The organisation's International Luxury Residential Report, unveiled at its annual conference in London, shows that buyers’ optimism is slowly increasing with more than 67% of its agents and affiliates reporting an increase in activity in the first eight months of 2011 when compared with the same period last year.

Scarcity of property is driving up prices especially in top cities such as London, Paris, Hong Kong, New York and Beverley Hills. Top performing real estate sales are in those countries with an abundance of natural resources and favourable fiscal policies such as Brazil, Switzerland and Canada.

Cash continues to be the most popular means of payment, according to 87% of the affiliate network. They point out that the very best property in the world’s most desirable locations will sell whatever is happening in the world economy and property is still seen as a safe haven when stock markets and equities are more volatile.

Giles Hannah, director of sales for Europe, told Property Wire that he expects new price records to be set for London property in the coming months. Because of the scarcity of really luxurious real estate in the capital he predicts that prices will soon exceed £6,000 per square feet.

‘Like a fine wine or an old master, an exceptional property is bought to be enjoyed and will always find a buyer. Scarcity is driving the market forward, there is only a finite number of properties at this end of the market,’ he said.

Money is not a problem for the wealthy competing for the top properties around the world. ‘Many already have three, four or even five homes. It is creating a two tier market in London,’ added Hannah. Top buyers are from Russia, China and the Middle East, he added.

Scarcity is also driving the market forward in Paris. Charles-Marie Jottras of Daniel Féau Conseil Immobilier said that building regulations mean that new luxury properties are unlikely to be built in the French capital, there is intense competition when they come on the market.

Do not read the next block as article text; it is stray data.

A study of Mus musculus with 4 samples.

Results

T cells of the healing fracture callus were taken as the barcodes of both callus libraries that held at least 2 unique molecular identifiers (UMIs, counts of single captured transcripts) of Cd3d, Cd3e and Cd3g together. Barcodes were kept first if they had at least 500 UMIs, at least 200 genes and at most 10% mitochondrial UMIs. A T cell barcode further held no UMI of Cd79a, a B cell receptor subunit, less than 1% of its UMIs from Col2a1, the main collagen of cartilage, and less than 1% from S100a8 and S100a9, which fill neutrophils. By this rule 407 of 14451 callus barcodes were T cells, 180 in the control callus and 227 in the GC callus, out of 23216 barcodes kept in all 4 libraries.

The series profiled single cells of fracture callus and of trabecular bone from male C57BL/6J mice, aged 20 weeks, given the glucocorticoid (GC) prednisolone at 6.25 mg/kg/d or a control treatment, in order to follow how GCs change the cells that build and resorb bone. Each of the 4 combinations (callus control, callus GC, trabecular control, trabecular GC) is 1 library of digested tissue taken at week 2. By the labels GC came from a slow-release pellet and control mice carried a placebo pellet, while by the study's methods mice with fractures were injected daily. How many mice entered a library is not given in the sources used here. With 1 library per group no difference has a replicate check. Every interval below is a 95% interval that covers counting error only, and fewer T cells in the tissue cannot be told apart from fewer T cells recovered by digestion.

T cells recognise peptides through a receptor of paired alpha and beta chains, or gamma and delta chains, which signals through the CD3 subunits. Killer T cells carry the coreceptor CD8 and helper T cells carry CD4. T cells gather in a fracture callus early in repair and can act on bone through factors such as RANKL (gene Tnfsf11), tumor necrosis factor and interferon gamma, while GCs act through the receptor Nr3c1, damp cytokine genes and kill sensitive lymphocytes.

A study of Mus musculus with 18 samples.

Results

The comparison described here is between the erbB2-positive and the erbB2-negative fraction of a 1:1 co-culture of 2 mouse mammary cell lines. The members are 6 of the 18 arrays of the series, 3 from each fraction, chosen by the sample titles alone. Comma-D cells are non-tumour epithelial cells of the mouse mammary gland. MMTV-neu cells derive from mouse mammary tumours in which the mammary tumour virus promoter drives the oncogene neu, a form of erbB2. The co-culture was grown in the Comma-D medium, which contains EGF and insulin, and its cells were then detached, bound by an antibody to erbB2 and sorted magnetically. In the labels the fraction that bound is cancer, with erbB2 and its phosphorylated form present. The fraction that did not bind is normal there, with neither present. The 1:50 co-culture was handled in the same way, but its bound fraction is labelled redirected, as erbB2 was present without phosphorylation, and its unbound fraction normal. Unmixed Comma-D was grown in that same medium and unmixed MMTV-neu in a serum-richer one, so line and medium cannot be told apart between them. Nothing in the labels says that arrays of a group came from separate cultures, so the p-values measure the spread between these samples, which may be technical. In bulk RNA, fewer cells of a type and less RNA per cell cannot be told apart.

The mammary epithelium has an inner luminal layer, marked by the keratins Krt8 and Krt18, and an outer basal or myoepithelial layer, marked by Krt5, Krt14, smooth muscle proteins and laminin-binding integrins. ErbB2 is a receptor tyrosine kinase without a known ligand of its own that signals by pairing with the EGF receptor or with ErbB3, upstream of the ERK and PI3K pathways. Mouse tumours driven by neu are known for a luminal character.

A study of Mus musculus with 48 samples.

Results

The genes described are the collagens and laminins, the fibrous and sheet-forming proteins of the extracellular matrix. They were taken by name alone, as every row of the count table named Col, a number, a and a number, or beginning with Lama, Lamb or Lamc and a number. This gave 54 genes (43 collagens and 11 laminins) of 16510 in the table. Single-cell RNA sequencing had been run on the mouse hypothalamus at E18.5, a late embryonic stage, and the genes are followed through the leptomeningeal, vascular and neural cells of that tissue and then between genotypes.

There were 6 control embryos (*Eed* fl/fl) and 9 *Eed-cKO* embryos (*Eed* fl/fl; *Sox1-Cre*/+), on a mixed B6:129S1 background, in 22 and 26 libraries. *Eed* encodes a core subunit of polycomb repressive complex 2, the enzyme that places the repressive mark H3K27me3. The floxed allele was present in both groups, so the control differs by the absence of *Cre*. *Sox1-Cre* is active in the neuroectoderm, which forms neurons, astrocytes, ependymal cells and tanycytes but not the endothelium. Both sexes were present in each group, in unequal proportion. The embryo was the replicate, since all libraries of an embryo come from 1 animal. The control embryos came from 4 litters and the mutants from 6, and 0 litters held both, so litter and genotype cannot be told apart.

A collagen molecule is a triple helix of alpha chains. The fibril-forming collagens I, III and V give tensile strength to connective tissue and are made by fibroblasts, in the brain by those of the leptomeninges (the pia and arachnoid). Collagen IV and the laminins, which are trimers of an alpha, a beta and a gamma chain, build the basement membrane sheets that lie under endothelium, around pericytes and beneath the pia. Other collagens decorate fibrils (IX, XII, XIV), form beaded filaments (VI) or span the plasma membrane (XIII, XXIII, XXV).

‘Planning laws mean that nay new buildings must have a percentage of affordable housing included and that is just not going to happen at the high end,’ he explained. He added that wealthy buyers are getting younger and want contemporary homes. That means that those that have been renovated will realise top prices.

Neil Palmer, chief executive officer of Christie’s International Real Estate, confirmed that the challenge in the luxury market is a lack of quality properties.
 
‘At the very top of the market, above US$10 million in some markets and above US$5 million in others, sales are primarily cash transactions. A largely discretionary buy of a second, third or even tenth home, these purchases are driven by an unique dynamic. Location, lifestyle and sentiment are equally important as value and in some cases even more so,’ he explained.

But even in the luxury market lending is proving difficult and this is slowing sales. ‘Properties prices at US$1 million to US$5 million are typically purchased as primary residences by those still in the workforce. These buyers require some financing. Lending remains challenging in many traditional markets with aversion to risk continuing to dominate the headlines. Consequently, this lengthens the amount of time it takes to sell these homes,’ he added.